It’s an argument that’s as old as the hills: between men and women, which are the better drivers?
The problem is that there’s no one definition of what makes a ‘good’ driver. Sure, Lewis Hamilton is obviously a good driver, but for different reasons to those that make your local driving instructor good.
To help get a better grip on the various definitions of what makes a good driver, insurance specialists Motor Quote Direct broke things down. Read on to see if cold, hard data can finally put an end to this battle of the sexes.
Which gender is more likely to pass their driving test?
Figures from exam boards have shown that girls routinely outperform boys in every single subject when it comes to GCSE exams, but are girls better than boys at taking their driving test too?
In reality, it’s actually boys who have a higher pass rate on the practical exam, with figures from a 2014 government survey showing that 50.5 per cent of boys pass their practical test first time, compared to 43.6 per cent of girls.
Interestingly, however, separate DVSA figures from last year showed that 54 per cent of women pass their theory test on any given attempt, compared to only 48 per cent of men. The exact reason why girls don’t do so well on the practical hasn’t been pinpointed, though it’s thought that confidence might have something to do with it.
Is there a gender split between bad behaviour?
When it comes to unruly on-road behaviour, despite any ‘women driver’ stereotypes, it’s actually men who are more likely to be involved in a collision as a result of negligence or bad driving.
According to statistics from Traffic Accident Advice, 50 per cent of men admitted to skipping a red light, compared to only 14 per cent of women. Men are also more likely to undertake other road users, drive aggressively and fail to use their indicators.
Finally, 14 per cent of men were found to have dangerously cut up traffic compared to only one per cent of women.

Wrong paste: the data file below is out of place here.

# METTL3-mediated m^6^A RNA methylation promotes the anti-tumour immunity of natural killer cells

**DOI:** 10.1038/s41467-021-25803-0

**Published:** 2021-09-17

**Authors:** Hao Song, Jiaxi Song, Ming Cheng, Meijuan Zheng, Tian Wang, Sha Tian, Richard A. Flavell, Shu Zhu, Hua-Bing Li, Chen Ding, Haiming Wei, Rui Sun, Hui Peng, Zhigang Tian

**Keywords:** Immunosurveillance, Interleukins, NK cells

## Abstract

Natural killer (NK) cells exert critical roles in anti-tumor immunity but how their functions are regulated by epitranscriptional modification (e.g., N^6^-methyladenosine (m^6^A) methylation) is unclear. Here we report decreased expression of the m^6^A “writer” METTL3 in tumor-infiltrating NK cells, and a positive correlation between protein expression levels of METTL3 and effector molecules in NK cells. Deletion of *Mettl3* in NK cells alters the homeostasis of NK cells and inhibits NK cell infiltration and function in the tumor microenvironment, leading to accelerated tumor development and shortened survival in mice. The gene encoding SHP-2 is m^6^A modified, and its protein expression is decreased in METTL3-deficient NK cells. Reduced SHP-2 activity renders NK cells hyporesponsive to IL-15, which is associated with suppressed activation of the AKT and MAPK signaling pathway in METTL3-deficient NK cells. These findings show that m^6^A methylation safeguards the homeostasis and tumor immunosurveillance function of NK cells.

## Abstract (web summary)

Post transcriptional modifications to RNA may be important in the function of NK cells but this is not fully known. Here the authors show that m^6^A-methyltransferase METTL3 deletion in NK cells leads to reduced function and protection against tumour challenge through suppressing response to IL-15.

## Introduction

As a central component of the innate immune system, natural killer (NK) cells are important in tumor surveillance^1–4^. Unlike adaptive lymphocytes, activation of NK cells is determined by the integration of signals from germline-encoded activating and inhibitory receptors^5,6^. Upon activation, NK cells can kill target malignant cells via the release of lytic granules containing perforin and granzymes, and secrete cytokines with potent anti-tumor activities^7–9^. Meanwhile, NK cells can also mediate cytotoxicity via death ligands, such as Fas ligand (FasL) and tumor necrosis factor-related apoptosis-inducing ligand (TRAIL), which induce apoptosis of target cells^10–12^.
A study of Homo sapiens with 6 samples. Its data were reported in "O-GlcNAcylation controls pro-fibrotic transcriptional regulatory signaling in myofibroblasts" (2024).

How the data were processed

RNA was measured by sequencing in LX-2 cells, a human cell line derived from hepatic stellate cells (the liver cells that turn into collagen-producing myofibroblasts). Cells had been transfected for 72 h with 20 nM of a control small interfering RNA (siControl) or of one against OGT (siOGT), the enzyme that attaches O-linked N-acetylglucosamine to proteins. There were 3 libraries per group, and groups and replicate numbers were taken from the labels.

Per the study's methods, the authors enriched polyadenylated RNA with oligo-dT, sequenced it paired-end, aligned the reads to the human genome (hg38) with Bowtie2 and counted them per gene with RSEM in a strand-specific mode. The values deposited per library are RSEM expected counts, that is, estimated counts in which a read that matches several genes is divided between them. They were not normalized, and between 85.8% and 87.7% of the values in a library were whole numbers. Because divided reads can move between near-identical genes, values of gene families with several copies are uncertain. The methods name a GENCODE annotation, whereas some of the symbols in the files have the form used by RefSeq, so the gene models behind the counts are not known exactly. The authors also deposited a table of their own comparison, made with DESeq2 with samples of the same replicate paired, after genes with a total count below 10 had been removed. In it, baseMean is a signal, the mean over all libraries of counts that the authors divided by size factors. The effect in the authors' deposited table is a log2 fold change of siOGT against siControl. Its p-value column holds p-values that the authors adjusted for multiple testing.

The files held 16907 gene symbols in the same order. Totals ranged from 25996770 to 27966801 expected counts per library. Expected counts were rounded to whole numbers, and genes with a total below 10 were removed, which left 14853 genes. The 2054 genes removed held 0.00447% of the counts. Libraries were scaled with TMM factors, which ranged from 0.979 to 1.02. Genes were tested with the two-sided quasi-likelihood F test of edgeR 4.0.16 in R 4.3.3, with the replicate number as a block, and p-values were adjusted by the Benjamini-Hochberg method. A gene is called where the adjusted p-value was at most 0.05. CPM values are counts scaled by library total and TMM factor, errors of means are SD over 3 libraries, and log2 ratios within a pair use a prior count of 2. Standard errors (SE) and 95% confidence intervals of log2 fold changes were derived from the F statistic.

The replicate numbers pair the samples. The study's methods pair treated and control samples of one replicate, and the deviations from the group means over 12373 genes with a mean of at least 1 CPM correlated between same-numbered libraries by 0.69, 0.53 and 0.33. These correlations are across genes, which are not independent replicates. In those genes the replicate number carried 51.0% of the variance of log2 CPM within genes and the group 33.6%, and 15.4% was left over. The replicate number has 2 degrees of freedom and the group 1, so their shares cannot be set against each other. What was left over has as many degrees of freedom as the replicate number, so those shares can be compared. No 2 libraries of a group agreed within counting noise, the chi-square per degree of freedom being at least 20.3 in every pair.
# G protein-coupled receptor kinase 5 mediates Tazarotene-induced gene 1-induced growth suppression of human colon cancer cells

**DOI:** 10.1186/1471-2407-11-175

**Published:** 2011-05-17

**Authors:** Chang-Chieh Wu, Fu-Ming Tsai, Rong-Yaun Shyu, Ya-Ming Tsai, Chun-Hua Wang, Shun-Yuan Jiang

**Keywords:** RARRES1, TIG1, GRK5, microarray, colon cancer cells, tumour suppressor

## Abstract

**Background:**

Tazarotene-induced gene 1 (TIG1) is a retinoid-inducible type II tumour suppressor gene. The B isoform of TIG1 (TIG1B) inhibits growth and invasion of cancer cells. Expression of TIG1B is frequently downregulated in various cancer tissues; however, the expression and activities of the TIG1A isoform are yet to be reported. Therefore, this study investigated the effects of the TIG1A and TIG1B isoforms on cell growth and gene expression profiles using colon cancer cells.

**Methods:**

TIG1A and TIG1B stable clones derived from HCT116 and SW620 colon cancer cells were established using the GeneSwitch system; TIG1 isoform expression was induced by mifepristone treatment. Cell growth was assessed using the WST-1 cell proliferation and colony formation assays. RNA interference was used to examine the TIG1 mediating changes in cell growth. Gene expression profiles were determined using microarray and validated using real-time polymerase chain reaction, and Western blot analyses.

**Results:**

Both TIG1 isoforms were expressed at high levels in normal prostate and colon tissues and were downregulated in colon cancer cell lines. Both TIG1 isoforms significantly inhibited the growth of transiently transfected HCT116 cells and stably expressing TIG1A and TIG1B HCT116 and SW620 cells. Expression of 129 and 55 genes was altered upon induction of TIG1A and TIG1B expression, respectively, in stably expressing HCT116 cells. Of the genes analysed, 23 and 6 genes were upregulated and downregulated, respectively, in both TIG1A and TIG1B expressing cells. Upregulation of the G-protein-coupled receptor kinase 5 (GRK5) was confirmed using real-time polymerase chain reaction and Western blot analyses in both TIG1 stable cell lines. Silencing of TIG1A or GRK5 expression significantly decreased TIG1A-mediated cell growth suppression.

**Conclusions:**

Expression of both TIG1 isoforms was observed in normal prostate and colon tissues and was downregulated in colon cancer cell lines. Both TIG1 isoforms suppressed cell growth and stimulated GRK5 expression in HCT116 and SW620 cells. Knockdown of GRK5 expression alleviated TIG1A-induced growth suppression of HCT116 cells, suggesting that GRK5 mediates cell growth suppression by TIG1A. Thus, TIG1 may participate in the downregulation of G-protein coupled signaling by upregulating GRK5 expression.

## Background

Are men or women more likely to drink-drive?
A report from European research project DRUID (Driving Under the Influence of Drugs, Alcohol and Medicines) found that when it comes to getting behind the wheel of a car after a drink too many, women and men are equally as guilty.
However, the genders are split among an age gap, with women aged 35-50 more likely to have a drink driving incident, while younger men are more likely to drink-drive, with an age group spanning from 25-35.
Which gender gets the most penalty points?
It’s actually women who are more likely to get points on their licence as opposed to men, however men are more likely to commit seriously misdemeanours which will accumulate a larger number of points.
Women, meanwhile, are more likely to commit minor infringements like using a mobile behind the wheel, as opposed to things like aggressive driving or driving without insurance.
Speaking of mobiles, men and women are just as likely as each other to text and drive, but it’s primarily younger drivers in their teens and early twenties that are more prone to using their phone on the road.
Are men or women more likely to speed?
It might seem incredible, but according to government data from 2014, out of 24,446,143 male drivers in the UK, 1,635,211 of them were issued with speeding tickets throughout the year, a full 6.65 per cent of all of them.
On the other hand, women are far less likely to break the speed limit, with a relatively small number of only 721,156 girls fined for speeding in the same time frame.
Which gender is better at driving?
In the end, it all depends on who you ask and how you measure it; ask a drag racer and they’ll say men, but ask an insurance company and they’ll say definitely women. Does ‘better’ mean faster, or does it mean safer? Whichever way you spin it, it’s likely to still be causing arguments a long, long time from now.